Ian Lance Taylor wrote:
> Should this be on gcc-help?
No, because I think it's a documentation bug.
> > I'm having trouble understand when it's appropriate to use a "memory"
> > clobber, when to use volatile, and when to use both. The manual is
> > unclear to me. Although I see that someone has tried to clarify it
> > since I last read it, it's still not obvious how "memory" is different
> > from `volatile'.
> Volatile means that the assembler instruction can not be deleted, even
> if it appears to be useless.
> Marking the instruction as clobbering memory means that if the
> instruction is executed, then memory is clobbered in some undescribed
> way. However, that clobbering is not important to proper execution of
> the program, and the instruction can be deleted if the specified
> side-effects turn out to be unnecessary.
If correct, I find your explanation very well phrased - much clearer
than the manual.
Take a look at this sentence from the manual:
You will also want to add the `volatile' keyword if the memory affected
is not listed in the inputs or outputs of the `asm', as the `memory'
clobber does not count as a side-effect of the `asm'.
Because "memory" isn't needed when the affected memory is listed in
the inputs or outputs, as it goes on to show in the example, the above
sentence implies that you should always use `volatile' any time that
you would use "memory".
That is the source of confusion, as that is found in the only
paragraph which describes what "memory" means. The paragraph starts
by saying when to use "memory", then goes on to say when you would use
`volatile' in addition to "memory", but gives a condition which is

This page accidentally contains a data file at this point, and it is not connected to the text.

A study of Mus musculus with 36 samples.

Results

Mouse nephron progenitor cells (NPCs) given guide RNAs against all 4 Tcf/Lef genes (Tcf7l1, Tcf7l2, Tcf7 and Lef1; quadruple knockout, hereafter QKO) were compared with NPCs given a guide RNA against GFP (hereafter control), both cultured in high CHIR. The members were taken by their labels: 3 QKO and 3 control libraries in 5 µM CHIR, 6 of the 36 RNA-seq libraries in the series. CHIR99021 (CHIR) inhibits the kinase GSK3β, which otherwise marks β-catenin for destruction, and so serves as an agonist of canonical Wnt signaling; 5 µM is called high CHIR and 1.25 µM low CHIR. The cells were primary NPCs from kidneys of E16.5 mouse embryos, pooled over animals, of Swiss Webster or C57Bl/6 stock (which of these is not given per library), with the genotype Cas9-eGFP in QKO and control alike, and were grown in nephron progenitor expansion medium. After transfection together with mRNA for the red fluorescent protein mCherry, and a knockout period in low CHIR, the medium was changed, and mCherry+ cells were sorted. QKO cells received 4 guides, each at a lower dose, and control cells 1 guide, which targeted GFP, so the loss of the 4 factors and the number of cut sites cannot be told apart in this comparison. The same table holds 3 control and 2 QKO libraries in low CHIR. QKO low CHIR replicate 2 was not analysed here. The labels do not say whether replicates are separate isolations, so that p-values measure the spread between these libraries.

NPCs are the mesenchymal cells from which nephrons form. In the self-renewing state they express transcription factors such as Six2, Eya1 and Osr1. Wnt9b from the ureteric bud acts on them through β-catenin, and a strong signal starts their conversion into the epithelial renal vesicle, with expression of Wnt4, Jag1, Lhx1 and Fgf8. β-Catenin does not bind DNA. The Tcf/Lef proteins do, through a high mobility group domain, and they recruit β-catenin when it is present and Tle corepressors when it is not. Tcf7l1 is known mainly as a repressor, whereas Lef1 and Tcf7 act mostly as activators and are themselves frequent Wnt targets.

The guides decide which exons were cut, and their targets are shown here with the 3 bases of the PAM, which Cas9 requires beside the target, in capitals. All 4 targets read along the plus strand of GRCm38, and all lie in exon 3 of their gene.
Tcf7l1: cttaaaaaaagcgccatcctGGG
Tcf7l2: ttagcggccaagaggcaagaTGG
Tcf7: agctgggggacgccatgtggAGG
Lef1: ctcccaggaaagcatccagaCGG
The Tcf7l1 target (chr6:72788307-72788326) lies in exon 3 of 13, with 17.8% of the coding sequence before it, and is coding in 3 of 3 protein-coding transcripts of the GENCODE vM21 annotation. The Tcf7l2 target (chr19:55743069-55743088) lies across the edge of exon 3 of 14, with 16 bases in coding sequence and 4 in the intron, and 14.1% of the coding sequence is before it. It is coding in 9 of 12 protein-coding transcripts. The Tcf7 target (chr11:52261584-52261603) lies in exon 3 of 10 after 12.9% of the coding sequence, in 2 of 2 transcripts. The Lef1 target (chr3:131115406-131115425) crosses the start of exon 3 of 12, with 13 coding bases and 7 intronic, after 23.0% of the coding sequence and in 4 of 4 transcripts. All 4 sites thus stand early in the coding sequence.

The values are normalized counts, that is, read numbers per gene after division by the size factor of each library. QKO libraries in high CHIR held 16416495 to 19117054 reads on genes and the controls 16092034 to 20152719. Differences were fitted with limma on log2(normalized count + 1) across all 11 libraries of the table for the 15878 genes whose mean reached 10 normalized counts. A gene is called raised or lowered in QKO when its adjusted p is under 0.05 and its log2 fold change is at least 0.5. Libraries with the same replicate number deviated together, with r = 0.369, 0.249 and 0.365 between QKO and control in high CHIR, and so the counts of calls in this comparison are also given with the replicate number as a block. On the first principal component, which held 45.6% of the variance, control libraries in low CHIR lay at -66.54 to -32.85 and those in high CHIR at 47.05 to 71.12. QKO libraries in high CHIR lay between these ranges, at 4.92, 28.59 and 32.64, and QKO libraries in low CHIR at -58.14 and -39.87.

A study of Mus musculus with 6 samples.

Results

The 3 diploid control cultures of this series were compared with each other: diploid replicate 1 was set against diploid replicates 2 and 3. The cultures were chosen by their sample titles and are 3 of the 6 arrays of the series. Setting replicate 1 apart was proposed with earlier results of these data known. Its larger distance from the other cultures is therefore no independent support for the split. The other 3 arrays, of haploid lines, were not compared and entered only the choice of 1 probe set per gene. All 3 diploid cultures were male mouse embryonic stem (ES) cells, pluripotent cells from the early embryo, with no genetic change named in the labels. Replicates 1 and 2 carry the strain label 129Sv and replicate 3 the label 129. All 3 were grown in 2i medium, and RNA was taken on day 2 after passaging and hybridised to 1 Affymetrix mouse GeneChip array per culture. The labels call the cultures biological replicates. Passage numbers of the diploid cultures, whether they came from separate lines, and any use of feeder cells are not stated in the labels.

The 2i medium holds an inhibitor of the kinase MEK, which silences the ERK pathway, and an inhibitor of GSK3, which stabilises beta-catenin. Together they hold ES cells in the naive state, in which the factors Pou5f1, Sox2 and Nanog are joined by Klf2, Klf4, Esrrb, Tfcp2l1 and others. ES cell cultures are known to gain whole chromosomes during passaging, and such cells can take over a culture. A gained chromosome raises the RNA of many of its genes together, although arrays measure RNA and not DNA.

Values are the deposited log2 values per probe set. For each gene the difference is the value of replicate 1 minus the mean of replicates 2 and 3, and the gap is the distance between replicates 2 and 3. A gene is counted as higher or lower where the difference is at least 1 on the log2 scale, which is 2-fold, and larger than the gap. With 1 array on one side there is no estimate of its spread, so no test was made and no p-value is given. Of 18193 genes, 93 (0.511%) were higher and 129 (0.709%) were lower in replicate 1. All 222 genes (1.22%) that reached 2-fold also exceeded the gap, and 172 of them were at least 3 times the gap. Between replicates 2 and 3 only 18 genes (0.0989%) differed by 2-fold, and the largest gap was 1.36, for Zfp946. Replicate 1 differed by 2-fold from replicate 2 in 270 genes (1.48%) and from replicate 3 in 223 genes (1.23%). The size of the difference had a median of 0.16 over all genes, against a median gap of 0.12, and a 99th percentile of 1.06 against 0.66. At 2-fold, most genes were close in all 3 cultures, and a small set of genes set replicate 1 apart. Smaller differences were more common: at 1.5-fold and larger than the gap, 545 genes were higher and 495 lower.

always true any time you would use "memory" according to the next bit.
("You _will_ also... if..." <condition which is always true when you
would use "memory">).
Breaking down that paragraph, remember it's the only paragraph which
mentions "memory" so it is really the definition of "memory", it says:
1. Use "memory" when memory is accessed unpredictably.
2. Use `volatile' when access is to memory not mention in operands.
3. Don't use "memory" when access is to memory mentioned in operands.
The only logical result which fits is "Use `volatile' whenever you
have reason to use "memory"".
Yet, if you take the fact that the sentence "You will also..." is
conditional as implying that sometimes you don't want to add the
`volatile' keyword, then the paragraph is in contradiction with itself.
In practice it means I don't know when it's appropriate to use
"memory" by itself. I don't know what code doing that would mean or
if it's correct - at least, not by reading the GCC manual.
A quick check of Linux kernel's x86 code shows that it always uses
`volatile' whenever it uses "memory" - so no ambiguity there.
If your understand is correct, then I think it is quite well phrased
and something like it should go in the manual.